After trying Ampersand Pastelbord a while ago, I saw they had various other boards available, so I got a couple of each to try out. First up was Aquabord.
I’m not sure what wood these boards are made of, but it looks and feels like MDF (according to my Dad, anyway; I’m pretty clueless about woodwork stuff). You can get Aquabord in a variety of sizes (ranging from 5X7 inches to 24X36 inches) and thicknesses (from 1/8th of an inch to 2 and 1/8ths of an inch), but they only come in white. However they seem to only come in rectangular formats, whereas some of Ampersand’s other boards can be bought as square panels. The front of the board is coated in a sort of clay primer with a slightly textured surface. It says you can frame them without glass, but I would probably put it behind glass anyway just be on the safe side, in case water somehow got spilled on it.
The back of the label has a tip telling you to wet the whole Aquabord surface with a thin layer of water to release trapped air bubbles, and I strongly suggest you take notice of it. I didn’t bother the first time and after laying on some colour I was horrified to see little bubbles popping on the surface, creating a pitted look. After lifting the colour off with a wet paper towel, I washed the whole surface with water and let it dry and after that had no more bubble problems.
Another claim made by the label is that the clay surface absorbs paint like a “fine watercolour paper”. While the surface is quite absorbent, it doesn’t really behave like paper. When working on watercolour paper, I often work on backgrounds by starting in one corner, laying down some colour and then picking up more colour and working it into it while it’s still wet, resulting in a fairly smooth transition. However doing the same on Aquabord seemed much more difficult, as that surface really wanted to retain my brush marks. I found that to build up uniform washes, I had to use many layers of pale colour, rather than a few layers of more concentrated colour.
If you make a mistake, it’s very easy to lift colour off compared to on watercolour paper (as I had to when I accidentally got a big blob of dark grey in the pale cream area of the rose), but this can be a double-edged sword. With watercolour paper, if you put some colour down and let it dry, it will pretty much stay put unless you scrub the living hell out of it. However on multiple occasions, I kept accidentally lifting underlayers of colour when I tried to put more colour over it, even though the underlayer had been allowed to dry for at least two days. It is possible to layer watercolour on Aquabord, but you have to be much more careful, using almost no pressure with your brush and being sure to avoid ‘backtracking’ over an area while it’s still wet. With this in mind, I found it a little difficult to work with while trying to paint a fairly realistic rose, but I feel like if I was working in a more experimental style, this unpredictability might have been fun to experiment with, as you’d be able to get some really interesting runs and patterns in the washes.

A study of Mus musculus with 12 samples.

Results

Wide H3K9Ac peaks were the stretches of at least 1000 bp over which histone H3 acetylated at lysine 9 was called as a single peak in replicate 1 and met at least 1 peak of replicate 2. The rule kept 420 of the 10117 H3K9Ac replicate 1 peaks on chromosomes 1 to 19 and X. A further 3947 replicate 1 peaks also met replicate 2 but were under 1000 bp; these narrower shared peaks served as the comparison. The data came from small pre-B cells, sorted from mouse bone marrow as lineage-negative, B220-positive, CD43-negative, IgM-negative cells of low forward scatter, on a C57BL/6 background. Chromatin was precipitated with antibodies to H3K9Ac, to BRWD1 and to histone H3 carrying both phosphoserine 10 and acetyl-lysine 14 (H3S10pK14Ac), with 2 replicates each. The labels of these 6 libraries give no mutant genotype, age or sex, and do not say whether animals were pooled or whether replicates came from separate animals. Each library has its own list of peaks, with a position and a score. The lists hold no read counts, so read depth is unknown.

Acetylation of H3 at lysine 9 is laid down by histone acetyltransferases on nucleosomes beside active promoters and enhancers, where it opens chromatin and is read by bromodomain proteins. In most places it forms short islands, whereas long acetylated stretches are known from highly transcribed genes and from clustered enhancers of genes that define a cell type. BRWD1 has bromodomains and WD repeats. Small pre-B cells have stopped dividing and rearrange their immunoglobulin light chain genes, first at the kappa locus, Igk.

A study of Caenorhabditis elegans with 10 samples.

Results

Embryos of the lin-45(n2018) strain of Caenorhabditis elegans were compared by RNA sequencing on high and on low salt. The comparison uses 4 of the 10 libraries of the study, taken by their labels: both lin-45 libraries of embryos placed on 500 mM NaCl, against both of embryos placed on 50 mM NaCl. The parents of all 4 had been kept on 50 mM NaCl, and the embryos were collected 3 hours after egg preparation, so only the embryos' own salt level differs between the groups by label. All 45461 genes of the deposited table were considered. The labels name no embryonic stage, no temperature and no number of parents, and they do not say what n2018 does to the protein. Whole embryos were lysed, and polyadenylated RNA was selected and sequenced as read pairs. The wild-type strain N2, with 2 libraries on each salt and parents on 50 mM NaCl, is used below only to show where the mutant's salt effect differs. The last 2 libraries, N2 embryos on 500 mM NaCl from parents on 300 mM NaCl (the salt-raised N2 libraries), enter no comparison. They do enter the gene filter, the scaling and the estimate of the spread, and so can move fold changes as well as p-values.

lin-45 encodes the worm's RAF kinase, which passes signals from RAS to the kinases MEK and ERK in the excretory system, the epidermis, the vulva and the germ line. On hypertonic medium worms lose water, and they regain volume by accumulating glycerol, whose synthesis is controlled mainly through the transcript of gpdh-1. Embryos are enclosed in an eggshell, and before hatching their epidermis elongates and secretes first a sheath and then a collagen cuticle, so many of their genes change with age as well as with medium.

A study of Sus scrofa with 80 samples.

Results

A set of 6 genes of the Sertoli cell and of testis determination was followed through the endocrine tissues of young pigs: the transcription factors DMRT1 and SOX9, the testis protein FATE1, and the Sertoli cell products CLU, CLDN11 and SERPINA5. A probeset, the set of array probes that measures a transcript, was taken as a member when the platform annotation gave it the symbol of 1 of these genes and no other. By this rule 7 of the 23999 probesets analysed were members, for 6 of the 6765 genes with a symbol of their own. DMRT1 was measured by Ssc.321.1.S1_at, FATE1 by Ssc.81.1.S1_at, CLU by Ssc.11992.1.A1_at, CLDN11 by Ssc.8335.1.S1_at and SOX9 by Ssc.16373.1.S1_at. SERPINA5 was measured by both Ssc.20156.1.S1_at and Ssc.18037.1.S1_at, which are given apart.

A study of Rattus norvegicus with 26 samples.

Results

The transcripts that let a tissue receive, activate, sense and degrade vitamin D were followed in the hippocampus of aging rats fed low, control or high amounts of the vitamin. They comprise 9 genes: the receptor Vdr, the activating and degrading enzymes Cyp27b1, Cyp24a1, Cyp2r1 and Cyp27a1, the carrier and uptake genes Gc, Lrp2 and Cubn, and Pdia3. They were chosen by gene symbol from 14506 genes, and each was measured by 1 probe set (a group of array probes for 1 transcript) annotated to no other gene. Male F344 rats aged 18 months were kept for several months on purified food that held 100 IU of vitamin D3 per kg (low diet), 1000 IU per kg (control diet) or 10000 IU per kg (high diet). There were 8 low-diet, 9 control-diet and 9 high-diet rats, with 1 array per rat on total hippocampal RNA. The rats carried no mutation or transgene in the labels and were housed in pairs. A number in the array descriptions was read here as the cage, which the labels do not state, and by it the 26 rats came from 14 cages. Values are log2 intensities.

Also beware if you like to draw outlines for your paintings in either coloured pencil or greylead. While it is generally easy to lift at least most of the pencil marks from watercolour paper using a kneadable eraser, it was very difficult (if not impossible) to do this on the Aquabord, even though I hadn’t pressed very hard when drawing. I used Prismacolor Premier Watersoluble pencils to draw the outlines for my rose (I didn’t want greylead marks muddying the colour, and I thought the watercolour pencil would dissolve once I started applying watercolour paint), but even with a lot of scrubbing, the outlines are still visible in some areas (particularly the leaves).
Prices for Ampersand Aquabord start at around $5 for the 5X7 inch boards and go up to about $28 for the 16X20 inch boards (my local art store doesn’t seem to have any bigger ones). This is noticeably higher than most canvas panels and boards, but for what they are, they are not overly expensive, in my view (many of the cheaper panels use poor-quality wood that warps over time, unlike these boards).
Here’s a painting I did on a 5X7 inch Aquabord panel, based on a photo by C. J. Dee.
Ampersand Aquabord might be a blessing or a curse, depending on your painting style. Though I personally didn’t care for them that much and probably won’t buy more, I can see how some other artists would really like painting on these. It isn’t bad, it’s just very different to normal watercolour paper. If you like to work in fine detail, you should probably proceed with caution, but if you enjoy looser, more abstract techniques, I think you will have a lot of fun playing with Aquabord. I would recommend buying a small board to play with first, so you can decide whether you like it enough to invest in more or larger boards.